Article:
Posted in MusicWorld on June 30, 2002 by

Acclaimed for his compelling hip-hop recordings, film performances and stage work, rapper/actor Mos Def apparently won't be satisfied until he has won an Oscar, a Grammy, an Emmy and a Tony.

Indeed, though he only emerged recently from the streets of his native Brooklyn, Mos Def has already demonstrated the style, integrity and relentless drive of a true artist. His irrepressible creativity can be attributed to his desire to alter social perceptions. "As a black man, I don't want to live in any of the boxes they've arranged for me, no matter how comfortable or tidy those boxes are," Mos Def told Essence magazine. "So, I resist all of the labels."

For Mos Def, resisting all the labels has resulted in his most audacious triumph yet. The rapper recently made his stage debut in the Pulitzer Prize-winning Broadway play, Topdog/Underdog. Assuming the role of Booth - a part initially performed by the much more experienced Don Cheadle - Mos Def has won unanimous praise for his stage debut. Describing the "marvelous" performances of Mos Def and co-star Jeffrey Wright, the New York Daily News wrote: "[they give] this material the vitality and sheen of elegant jazz riffs."

Born Dante Beze, Mos Def surfaced in 1994 as a guest rapper on recordings by UTD and De La Soul. In 1998, he joined Talib Kweli to become a founding member of the rap duo Black Star. Striking out on his own in 1999, Def's debut solo album, Black on Both Sides, melded activist rhymes with old-school funk rhythms and worldbeat melodies. Drawing favorable comparisons to rap pioneers like Public Enemy, KRS-1 and Rakim, Black on Both Sides is considered by many pundits to be a contemporary hip-hop classic.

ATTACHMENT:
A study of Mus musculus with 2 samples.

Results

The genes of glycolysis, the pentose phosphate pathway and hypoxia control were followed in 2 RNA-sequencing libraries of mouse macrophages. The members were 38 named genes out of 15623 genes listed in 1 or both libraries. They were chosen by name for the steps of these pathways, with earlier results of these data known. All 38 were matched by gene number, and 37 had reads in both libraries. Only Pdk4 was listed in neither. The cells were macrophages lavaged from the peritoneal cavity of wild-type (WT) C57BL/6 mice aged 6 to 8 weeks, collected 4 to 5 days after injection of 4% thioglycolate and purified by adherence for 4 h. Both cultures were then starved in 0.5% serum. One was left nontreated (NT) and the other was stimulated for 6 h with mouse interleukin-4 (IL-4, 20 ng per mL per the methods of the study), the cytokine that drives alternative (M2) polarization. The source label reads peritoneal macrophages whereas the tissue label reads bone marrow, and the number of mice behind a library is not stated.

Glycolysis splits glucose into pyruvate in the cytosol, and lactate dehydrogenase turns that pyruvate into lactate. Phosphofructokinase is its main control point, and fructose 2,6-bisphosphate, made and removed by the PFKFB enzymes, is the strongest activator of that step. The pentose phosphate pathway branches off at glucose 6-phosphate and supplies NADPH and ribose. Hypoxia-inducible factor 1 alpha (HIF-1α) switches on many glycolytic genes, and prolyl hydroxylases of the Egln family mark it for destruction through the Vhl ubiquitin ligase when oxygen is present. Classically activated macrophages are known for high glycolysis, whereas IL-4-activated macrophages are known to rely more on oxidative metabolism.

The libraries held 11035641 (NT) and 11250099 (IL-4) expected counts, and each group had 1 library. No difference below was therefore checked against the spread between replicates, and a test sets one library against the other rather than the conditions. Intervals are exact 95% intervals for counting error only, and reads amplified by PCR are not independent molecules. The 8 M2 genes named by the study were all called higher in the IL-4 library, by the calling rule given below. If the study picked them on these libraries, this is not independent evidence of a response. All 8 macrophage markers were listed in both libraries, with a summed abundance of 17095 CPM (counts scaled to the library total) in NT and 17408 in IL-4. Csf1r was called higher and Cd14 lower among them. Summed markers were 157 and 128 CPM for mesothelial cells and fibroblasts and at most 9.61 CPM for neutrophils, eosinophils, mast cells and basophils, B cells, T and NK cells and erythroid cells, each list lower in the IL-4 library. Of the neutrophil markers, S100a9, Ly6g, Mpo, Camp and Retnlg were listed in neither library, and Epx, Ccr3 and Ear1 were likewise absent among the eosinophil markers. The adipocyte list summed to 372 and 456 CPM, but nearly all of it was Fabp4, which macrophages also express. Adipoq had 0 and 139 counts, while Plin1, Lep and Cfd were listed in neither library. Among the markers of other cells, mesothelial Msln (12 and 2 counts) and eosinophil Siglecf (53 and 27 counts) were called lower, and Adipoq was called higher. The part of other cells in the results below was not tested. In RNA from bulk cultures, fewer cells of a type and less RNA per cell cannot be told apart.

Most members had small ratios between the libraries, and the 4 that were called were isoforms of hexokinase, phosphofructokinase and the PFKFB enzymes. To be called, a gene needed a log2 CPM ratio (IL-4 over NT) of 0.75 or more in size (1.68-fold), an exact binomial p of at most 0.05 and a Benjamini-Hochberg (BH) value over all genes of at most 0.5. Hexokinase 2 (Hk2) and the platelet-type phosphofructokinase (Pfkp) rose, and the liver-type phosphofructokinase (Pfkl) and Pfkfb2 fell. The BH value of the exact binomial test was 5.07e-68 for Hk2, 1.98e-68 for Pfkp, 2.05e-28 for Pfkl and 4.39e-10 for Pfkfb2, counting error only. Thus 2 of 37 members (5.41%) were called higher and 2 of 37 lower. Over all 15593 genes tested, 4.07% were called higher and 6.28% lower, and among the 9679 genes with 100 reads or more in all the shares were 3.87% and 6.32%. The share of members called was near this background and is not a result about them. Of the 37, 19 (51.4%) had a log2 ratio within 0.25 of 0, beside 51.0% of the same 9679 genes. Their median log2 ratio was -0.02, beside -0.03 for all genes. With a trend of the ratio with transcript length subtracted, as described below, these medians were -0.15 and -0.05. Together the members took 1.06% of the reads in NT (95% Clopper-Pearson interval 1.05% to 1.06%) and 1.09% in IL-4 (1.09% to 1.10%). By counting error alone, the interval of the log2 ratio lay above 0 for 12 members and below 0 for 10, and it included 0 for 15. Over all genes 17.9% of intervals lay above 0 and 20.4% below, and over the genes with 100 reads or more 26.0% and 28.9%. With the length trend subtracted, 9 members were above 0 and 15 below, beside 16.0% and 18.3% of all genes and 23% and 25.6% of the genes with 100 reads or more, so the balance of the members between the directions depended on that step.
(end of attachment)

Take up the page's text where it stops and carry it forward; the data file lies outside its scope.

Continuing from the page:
In 2000, Def took a temporary respite from music to explore other areas of entertainment. As host of HBO's Def Poetry Jam, he established himself as an influential force on the spoken word scene. Around the same time, the rapper made a typically splashy acting debut. Demonstrating the same slow-burning charm he exhibited on his rap recordings, Def won praise for his role in Spike Lee's controversial film Bamboozled. The rapper then appeared in MTV's Carmen: A Hip-Hopera, opposite Beyoncé Knowles of Destiny's Child. Capping off a spectacularly productive year, Def was acclaimed for his acting role in Monster's Ball, a role that found him acting opposite Halle Berry, Billy Bob Thornton, and Sean "P. Diddy" Combs.

Now, with the recent success of "Top Dog/Underdog," Mos Def has successfully transformed himself into a rapping/acting double threat. But just when it seemed he had accomplished enough, along comes news of Black Jack Johnson, the debut album featuring Mos Def and an all-star rock lineup. Featuring former members of Parliament/Funkadelic, Living Colour and Bad Brains, the band promises to set a new rap-rock standard.